HP StorageWorks sets the bar for iSCSI SAN server security
Our testing of iSCSI SAN servers show they all handle basic functions as advertised. But we had to dig deeper into other enterprise features offered — such as security, high availability, and expandability -- to find bigger differentiations between the products.
We looked for the same level of security management and secure design in iSCSI storage systems as we would for any other critical network component. But we were sorely disappointed.
How about encrypted management traffic? Most products supported that, although with some, enabling SSL was optional while with others it was very difficult to enable at all. Kano's NetCOR 7500 and Nexsan's SATABeast simply don't support SSL. The SATABeast was even more frightening: it runs, by default, without any username or password required for management.
And in another security faux pas, we found many products listening on Telnet ports that couldn't be disabled.
Our general conclusion is that the storage industry somehow thinks that because its products are sitting inside the corporate firewall that they're safe. They should rethink that point very carefully.
We did run into a few occasional security high points, though, such as delegated levels of system management offered in the Compellent StorageCenter and the NetApp FAS2050. But the only product in our test that easily met basic requirements for control security — a separate control plane, ability to enable/disable management services and encrypted management — was the HP StorageWorks 2012i. Next up was the NetApp FAS2050, which had many of the same features, but made them so difficult to use, that many managing this system would not bother to use them correctly. For example, controlling SSL and Secure Shell access — something HP facilitated with two check boxes within its Network Management GUI screen — takes NetApp 20 pages of documentation to describe.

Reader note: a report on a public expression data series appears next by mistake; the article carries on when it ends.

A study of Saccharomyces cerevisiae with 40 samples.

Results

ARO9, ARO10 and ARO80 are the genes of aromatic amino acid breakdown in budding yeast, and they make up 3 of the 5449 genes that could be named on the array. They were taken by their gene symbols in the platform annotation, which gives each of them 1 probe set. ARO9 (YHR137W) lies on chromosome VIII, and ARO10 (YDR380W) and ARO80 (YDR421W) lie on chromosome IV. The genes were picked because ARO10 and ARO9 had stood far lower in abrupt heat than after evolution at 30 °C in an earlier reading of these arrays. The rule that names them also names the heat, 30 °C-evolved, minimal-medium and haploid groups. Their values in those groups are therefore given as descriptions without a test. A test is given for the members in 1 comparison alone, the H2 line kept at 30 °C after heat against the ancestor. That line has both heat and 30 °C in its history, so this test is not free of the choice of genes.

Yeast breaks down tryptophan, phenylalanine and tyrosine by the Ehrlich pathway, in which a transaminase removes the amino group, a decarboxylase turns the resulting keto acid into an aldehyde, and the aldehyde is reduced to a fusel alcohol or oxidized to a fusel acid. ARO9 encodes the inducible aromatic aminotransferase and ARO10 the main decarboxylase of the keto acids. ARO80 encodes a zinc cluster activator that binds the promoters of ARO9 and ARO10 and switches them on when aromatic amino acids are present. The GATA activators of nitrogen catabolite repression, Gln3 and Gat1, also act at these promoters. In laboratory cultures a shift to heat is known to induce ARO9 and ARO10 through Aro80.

On the data security side, we — thankfully — had a better experience in spite of the fact that the iSCSI protocol is a particularly dangerous one for most enterprises because of its "discovery" mechanism. This mechanism is a way for an iSCSI initiator to discover all of the virtual disks that an iSCSI target is advertising. Discovery makes it easy for an inattentive administrator to accidentally — or purposefully — attach a server to a virtual disk that they shouldn't, potentially causing data corruption or information leakage. An iSCSI storage system must have a clear security model that makes it easy for the storage administrator to unambiguously apply controls on which systems can connect to which virtual disks.